Michigan Republicans have tried to sell John James to voters twice in two years, and both times, they haven't closed the deal. But the great-on-paper-at-least-to-Republicans candidate may yet have a shot at holding elected office, experts consulted by The Detroit News say.
James lost to both incumbent U.S. Senators in subsequent cycles. But his 6.5-point loss to Debbie Stabenow in 2018 was considered less than expected, and so he tried again this year against Gary Peters. The 2-point loss, also less than expected, has not shut the door on James' career.
Most experts say his best chance -- and his last chance, as a third loss would finish him -- would be in the 11th U.S. Congressional district, the seat held by relative newcomer Rep. Haley Stevens, who was just re-elected for a second two-year term.
Former state GOP chairman and fundraiser Ronald Weiser tells The News:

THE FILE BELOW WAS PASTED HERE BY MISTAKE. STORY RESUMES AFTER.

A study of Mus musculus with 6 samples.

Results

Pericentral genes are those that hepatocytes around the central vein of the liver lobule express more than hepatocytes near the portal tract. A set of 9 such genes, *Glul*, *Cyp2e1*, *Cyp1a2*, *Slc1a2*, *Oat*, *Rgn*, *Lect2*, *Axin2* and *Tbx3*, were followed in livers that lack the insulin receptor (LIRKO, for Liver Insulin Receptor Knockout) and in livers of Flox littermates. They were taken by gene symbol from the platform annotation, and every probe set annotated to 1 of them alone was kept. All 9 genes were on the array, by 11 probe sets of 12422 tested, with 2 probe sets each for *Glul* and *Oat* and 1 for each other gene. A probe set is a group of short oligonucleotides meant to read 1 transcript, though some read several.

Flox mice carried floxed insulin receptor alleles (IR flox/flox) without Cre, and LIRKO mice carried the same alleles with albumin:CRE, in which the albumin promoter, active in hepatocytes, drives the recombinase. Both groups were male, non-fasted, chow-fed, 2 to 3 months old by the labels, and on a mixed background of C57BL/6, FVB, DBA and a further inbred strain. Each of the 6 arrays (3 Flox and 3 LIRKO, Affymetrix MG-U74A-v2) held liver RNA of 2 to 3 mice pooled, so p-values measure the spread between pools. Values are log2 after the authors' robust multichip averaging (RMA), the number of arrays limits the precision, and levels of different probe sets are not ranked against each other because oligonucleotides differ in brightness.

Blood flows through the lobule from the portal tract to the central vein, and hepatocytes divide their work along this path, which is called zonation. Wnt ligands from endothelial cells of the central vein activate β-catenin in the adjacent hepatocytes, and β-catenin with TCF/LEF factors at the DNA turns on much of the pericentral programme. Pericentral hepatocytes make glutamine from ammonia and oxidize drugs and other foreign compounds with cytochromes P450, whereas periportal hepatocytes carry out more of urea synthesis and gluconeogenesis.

"He's got one more shot. He's got to win his next race," said Weiser, who chaired the party in 2010 when Rick Snyder was swept in as governor and the GOP took control of the Michigan House. "This time he ran a great race. His big problem was Trump lost by too many votes in Michigan. James couldn't just overcome it."
... "He's still a rock star, that's why," Weiser said. "It's like a rock star who has a couple of bad albums and comes back with another one that's great. People forget the two and remember the one that's great."
Most rock stars have at least one great album before they do the bad ones, however -- that's why they're rock stars in the first place. But to the state GOP, James comes pre-approved as a rock star, Leonard Fleming writes, "a 39-year-old Black conservative and family man who flew Army Apache helicopters in wartime and later became an auto supplier executive in the state's largest city."
Whatever the next race James enters is, it's bound to be very expensive, and James has already burned through $50 million in his two unsuccessful bids.